While attending the 38th Toronto International Film Festival, Trevor Hogg had the opportunity to chat with Marcelo Zarvos about composing the musical scores for Enough Said and The Face of Love…
“Enough Said  is a romantic comedy and the music is a much smaller instrumentation and the core of the music is piano, guitar, and a little percussion,” states Marcelo Zarvos (Brooklyn’s Finest). “We had some orchestral pieces later in the film for some emotional moments that happen.” It was important for musical score not to be overpowering. “The dialogue is fantastic and you have amazing actors who are delivering those lines.” The Brazilian composer notes, “You’re laughing at the characters because they exist; that’s my favourite type of comedy to work on because I feel that the music doesn’t have to be pandering for laughs. It’s more accentuating and pointing out that this is a bizarre situation you may have been in before.” The film directed and written by Nicole Holofcener (Friends with Money) features the last big screen appearance of the male lead who had a fatal heart attack. “There was a scene which was challenging in the end when the couple played by Julia Louis-Dreyfus [Deconstructing Harry] and James Gandolfini [Get Shorty] are having a fight. It was difficult to find the right tone because up until that point the movie has been mostly a comedy. You have to carefully and gently place the music in order to deliver the tears.”
“The Face of Love  is a dramatic romantic movie with a strong thriller undercurrent,” remarks Marcelo Zarvos. “The director [Arie Posin] wanted a traditional score meaning a strong melody.” The music had to be memorable, emotional, and be able to capture the sense of sorrow, drama and romance. “I knew that this was going to be a classical sounding score. We want to Prague and recorded with an orchestra. It was dramatic. The music has a large presence in the film and goes deep into the characters.” The orchestral score for the movie starring Annette Bening (American Beauty), Robin Williams (Good Will Hunting), and Ed Harris (A Beautiful Mind) includes a lot of strings, piano, and woodwinds such as flute, clarinet and English horn. “We decided for the first month weren’t going to look at anything with pictures. I would play for Arie many things and he’d say, ‘I like this. I don’t like that.’ We honed it in until he said, ‘This is it. This is our theme.’ Then we proceeded to go to the picture.” The musical score has a prominent presence in the dramatic conclusion. “Practically the last 10 minutes of the film is wall to wall music with little dialogue so the challenge was to deliver emotionally for 10 minutes.”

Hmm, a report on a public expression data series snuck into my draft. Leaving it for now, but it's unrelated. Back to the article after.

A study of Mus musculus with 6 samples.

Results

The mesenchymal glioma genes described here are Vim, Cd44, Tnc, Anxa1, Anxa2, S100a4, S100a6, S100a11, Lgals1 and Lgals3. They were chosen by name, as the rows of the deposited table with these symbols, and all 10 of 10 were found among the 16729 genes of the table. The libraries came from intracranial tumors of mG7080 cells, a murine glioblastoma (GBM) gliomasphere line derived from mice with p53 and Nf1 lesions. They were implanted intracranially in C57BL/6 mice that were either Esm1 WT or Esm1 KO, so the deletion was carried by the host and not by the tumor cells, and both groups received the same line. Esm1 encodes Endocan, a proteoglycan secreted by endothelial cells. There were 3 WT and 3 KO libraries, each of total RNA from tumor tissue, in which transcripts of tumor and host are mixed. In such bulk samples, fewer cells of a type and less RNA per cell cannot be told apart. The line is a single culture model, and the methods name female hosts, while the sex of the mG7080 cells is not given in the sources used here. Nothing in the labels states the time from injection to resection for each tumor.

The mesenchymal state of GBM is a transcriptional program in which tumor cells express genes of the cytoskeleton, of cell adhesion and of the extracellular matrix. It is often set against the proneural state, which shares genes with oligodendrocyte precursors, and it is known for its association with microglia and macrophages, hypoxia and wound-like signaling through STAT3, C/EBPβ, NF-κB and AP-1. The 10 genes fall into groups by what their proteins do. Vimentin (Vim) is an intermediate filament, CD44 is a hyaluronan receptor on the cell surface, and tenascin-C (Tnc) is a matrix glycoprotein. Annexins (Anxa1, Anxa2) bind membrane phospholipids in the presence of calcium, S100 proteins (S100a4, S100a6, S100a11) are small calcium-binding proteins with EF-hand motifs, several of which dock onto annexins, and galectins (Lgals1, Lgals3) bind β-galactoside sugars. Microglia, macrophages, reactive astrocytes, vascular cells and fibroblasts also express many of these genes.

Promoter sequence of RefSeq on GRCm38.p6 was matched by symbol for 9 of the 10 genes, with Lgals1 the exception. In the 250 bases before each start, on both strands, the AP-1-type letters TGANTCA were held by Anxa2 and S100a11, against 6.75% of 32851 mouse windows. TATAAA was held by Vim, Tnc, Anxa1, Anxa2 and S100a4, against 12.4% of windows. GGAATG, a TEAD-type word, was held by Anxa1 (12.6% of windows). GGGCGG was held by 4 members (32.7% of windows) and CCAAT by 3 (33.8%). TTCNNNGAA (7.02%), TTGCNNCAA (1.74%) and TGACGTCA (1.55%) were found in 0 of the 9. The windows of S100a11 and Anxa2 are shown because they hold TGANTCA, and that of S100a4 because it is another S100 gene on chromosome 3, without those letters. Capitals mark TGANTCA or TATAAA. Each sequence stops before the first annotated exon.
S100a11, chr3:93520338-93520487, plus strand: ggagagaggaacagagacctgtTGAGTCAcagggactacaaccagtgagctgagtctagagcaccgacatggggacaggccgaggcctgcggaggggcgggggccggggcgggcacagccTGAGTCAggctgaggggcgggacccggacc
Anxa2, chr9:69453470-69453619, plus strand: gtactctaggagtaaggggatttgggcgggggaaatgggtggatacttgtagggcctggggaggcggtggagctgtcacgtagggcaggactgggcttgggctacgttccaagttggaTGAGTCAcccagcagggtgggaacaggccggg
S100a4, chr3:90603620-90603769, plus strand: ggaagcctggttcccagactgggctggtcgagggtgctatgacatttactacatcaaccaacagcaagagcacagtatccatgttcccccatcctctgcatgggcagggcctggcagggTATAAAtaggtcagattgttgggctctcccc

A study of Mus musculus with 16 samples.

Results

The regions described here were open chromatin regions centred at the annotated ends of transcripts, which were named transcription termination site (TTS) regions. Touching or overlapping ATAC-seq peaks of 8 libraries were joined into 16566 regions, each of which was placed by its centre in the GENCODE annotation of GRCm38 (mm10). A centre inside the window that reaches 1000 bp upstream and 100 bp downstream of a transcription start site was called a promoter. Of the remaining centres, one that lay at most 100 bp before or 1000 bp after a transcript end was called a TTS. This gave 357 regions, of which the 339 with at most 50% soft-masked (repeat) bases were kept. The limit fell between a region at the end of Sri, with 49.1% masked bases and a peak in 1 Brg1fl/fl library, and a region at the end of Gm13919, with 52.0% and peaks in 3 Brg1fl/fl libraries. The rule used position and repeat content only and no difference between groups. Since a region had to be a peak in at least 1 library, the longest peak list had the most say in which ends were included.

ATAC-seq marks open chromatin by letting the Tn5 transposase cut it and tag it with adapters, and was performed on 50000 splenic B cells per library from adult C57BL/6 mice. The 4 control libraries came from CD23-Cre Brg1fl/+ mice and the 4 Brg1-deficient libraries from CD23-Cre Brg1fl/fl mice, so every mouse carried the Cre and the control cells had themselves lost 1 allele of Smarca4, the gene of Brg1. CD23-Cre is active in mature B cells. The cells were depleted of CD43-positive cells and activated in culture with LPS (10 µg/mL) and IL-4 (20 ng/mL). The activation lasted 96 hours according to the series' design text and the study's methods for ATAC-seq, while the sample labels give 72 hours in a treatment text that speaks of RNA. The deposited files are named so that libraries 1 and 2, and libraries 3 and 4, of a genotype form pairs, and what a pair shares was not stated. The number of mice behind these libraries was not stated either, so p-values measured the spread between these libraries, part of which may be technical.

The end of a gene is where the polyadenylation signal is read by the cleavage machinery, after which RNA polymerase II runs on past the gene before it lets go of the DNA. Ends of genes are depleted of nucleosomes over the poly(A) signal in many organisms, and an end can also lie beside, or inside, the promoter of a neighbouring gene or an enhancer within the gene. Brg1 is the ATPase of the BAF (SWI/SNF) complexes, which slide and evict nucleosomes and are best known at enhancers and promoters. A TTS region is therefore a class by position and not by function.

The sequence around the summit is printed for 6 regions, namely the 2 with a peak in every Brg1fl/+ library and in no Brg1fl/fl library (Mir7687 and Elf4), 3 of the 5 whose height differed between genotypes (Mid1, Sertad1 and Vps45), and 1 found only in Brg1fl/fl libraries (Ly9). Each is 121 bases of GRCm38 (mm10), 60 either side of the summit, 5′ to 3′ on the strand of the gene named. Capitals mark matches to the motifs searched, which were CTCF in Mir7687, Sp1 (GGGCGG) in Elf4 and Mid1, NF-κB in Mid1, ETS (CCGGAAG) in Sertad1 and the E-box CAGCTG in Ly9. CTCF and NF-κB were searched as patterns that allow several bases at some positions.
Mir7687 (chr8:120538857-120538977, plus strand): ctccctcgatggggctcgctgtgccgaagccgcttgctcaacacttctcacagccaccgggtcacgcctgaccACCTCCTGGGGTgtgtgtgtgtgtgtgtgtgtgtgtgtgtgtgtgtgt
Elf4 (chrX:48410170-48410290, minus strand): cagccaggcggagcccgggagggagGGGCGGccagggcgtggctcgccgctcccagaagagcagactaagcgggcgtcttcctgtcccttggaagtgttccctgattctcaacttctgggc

“With Enough Said it was fast but I had also worked before with Nichole’s last film Please Give so we had a shorthand and I had more of an idea,” explains Marcelo Zarvos. “It was great. I got down to business. With The Face of Love we talked a lot about certain films that the director loved and I went back to those films to listen to the scores not because Arie wanted something like that but there were elements of that he was drawn to. We talked a lot about the Three Colours Trilogy, Red , White  and Blue , by Krzysztof Kieslowski. Blue in particular was a movie and a story that he loved. Arie loved Zbigniew Preisner [At Play in the Fields of the Lord] who was the composer of those scores. We talked a lot about [Stanley] Kubrick particularly Barry Lyndon . I love Kubrick’s scores and they’re in my head all the time. You talk about certain projects and scenes from films. Arie is articulate and smart; he has studied film and knows a lot about it. We talked a lot about the history of cinema. Arie wanted a more European flavour to the score even though it takes place in Los Angeles and has all American actors.” Zarvos observes, “Film is a fascinating. You would be hard press to find someone who doesn’t like film of some kind of another but the way music works is mysterious. Music doesn’t become less mysterious. Why it works? How it works? That brings me a lot of satisfaction to my own work.”
Many thanks to Marcelo Zarvos for taking the time for this interview and make sure to visit his official website as well as his Composure profile.
Trevor Hogg is a freelance video editor and writer who currently resides in Canada.